CrossFit Loses Sponsors in Wake of Founder’s Insensitive Tweets

Fitness company CrossFit has witnessed a slew of sponsorship withdrawals after its founder, Greg Glassman, made some controversial statements.

Glassman had mocked the current anti-racism protests that have gripped the country over the weekend, Forbes reports. After his statement sparked outrage, several of the company’s partners immediately cut ties and bailed on it.

The Tweet that Could End the Company

Per the report, Glassman had replied to a tweet from the Health Metrics and Evaluation, which called racism and discrimination public health issues.

Quite insensitively, he called it “Floyd-19,” essentially mocking people who had been protesting the death of Minnesota resident George Floyd at the hands of police officers two weeks ago.

Unlike several prominent sports brands and companies, CrossFit stayed notoriously silent on police brutality and racism. However, Glassman immediately sent out an apology from the CrossFit Twitter page.

 “I, CrossFit HQ, and the CrossFit community will not stand for racism. I made a mistake by the words I chose yesterday. My heart is deeply saddened by the pain it has caused. It was a mistake, not racist but a mistake.”

Glassman further explained that he had been trying to clarify a point about the lockdown procedure that has been instituted to prevent the coronavirus spread, as a follow-up to his potentially company-dooming tweet showed.

Despite his professed remorse, the endorsements have started to drop for CrossFit. According to Forbes, famous sports brand Reebok announced that it would end its support as CrossFit’s leading partner and apparel licensee.

In a statement, Reebok reportedly explained that it had been in talks with CrossFit concerning an extension of their partnership, which was slated to end this year. However, Glassman’s comments have put an end to that.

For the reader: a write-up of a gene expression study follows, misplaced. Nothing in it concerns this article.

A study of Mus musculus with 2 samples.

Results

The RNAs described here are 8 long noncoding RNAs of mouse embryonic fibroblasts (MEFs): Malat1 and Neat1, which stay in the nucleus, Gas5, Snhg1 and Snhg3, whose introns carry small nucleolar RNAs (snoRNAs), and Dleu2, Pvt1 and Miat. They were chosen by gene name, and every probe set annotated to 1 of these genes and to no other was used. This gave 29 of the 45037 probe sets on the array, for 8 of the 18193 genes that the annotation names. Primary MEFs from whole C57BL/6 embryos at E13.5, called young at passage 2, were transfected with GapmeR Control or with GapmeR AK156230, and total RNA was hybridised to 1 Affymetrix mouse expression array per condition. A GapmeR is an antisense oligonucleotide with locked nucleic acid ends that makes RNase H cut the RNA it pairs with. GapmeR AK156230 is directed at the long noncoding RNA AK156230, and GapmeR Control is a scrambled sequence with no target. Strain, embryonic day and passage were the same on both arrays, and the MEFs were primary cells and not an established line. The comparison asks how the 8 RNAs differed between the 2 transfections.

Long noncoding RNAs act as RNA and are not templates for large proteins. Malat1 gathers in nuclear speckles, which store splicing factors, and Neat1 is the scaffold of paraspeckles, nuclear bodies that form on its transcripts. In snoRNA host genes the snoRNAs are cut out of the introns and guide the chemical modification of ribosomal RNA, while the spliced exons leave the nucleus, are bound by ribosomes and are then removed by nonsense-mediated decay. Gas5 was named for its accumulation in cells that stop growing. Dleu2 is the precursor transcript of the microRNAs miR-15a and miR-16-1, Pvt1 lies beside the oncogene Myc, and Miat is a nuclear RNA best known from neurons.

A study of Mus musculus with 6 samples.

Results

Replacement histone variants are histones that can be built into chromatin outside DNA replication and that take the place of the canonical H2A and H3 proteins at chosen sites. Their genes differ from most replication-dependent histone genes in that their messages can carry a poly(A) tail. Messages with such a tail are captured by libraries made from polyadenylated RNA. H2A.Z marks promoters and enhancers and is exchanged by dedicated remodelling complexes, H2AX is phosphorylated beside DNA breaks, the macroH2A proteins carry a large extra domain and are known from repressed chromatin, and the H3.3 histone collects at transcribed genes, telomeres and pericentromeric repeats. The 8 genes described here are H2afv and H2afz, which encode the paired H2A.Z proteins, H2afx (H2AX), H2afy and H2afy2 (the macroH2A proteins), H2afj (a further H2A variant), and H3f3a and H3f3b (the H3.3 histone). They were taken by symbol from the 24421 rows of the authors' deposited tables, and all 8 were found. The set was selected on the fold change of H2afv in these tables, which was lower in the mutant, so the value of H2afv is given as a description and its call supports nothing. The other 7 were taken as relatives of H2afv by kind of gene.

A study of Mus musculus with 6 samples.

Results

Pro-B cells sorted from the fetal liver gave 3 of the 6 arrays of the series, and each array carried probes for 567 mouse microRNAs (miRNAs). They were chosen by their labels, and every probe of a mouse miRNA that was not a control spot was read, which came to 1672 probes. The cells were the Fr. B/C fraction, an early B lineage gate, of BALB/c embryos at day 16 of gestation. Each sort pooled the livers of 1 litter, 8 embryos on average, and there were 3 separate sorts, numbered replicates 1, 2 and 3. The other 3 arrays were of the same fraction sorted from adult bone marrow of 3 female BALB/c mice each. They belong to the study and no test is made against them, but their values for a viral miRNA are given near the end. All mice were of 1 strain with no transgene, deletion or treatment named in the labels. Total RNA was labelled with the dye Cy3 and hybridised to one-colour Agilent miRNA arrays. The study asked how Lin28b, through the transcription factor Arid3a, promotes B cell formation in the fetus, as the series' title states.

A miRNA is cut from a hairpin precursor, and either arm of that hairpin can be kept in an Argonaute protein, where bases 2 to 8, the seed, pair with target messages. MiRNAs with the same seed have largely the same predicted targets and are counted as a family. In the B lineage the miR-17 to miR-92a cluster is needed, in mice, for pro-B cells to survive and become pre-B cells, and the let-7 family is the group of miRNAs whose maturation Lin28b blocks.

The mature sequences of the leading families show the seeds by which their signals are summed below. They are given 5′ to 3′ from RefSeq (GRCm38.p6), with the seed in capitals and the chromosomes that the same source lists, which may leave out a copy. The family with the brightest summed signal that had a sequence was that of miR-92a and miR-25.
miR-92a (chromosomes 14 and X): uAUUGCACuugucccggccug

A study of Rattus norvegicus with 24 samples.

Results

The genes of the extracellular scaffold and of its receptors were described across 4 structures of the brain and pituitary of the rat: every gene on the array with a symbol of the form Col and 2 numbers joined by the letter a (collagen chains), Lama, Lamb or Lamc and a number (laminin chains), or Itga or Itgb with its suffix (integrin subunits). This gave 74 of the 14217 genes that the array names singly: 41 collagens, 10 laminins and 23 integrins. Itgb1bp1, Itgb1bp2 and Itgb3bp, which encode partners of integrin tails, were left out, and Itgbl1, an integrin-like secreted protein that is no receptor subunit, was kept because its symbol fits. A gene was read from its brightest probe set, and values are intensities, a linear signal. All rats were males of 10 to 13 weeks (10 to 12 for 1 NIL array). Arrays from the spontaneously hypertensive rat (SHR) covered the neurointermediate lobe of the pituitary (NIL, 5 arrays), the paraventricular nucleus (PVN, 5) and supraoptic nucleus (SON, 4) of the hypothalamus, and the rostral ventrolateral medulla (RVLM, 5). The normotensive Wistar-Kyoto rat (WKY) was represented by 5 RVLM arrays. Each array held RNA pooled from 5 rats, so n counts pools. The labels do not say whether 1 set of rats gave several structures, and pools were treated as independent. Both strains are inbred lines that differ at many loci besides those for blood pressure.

Rich Froning, a professional athlete who has won the CrossFit Games four times, also reportedly said on Instagram that he wouldn’t be partnering with the company going forward.

Rocket CrossFit, a Seattle-based gym affiliated with the company, announced that it would no longer work with it. At the same time, Rogue Fitness, one of the top suppliers of strength training equipment for the CrossFit Games, said it would remove the CrossFit logo from this year’s games and work with its leadership determine a profitable path forward.

CrossFit is the latest in a line of notable sports names to get harshly criticized for their stance on the latest protests. Last week, New Orleans Saints quarterback Drew Brees took a lot of heat for claiming that he wouldn’t welcome NFL players kneeling when the season resumes. Like Glassman, Brees apologized – as did his wife. However, it’s safe to say that his reputation has suffered a dent.

CrossFit’s Business Model is at Risk

CrossFit’s business model is heavily dependent on partners and gyms. The company is based on a fitness regimen that Glassman developed, and thousands of gyms across the world incorporate it. All of the gyms work on an affiliate model, and they pay CrossFit for permission to use the regimen and the company’s name.

The firm also gets paid through partnering with brands like Reebok, hosting events, and more. With its top partners leaving in their numbers, the company could be at the start of a death spiral.

Glassman’s tweet could also not come at a worse time for the firm. As explained earlier, gyms are CrossFit’s primary source of income. Sadly, these gyms have been significantly impacted by the lockdown. Perhaps that was the reason behind his criticism of the lockdown in the first place.

At press time, only a few states have allowed gyms to resume operations as part of their reopening plans. Even at that, there’s a significant chance that people will be skeptical about going to public gyms for the time being.


Based in the UK, Jimmy is an economic researcher with outstanding hands-on and heads-on experience in Macroeconomic finance analysis, forecasting and planning. He has honed his skills having worked cross-continental as a finance analyst, which gives him inter-cultural experience. He currently has a strong passion for regulation and macroeconomic trends as it allows him peek under the global bonnet to see how the world works.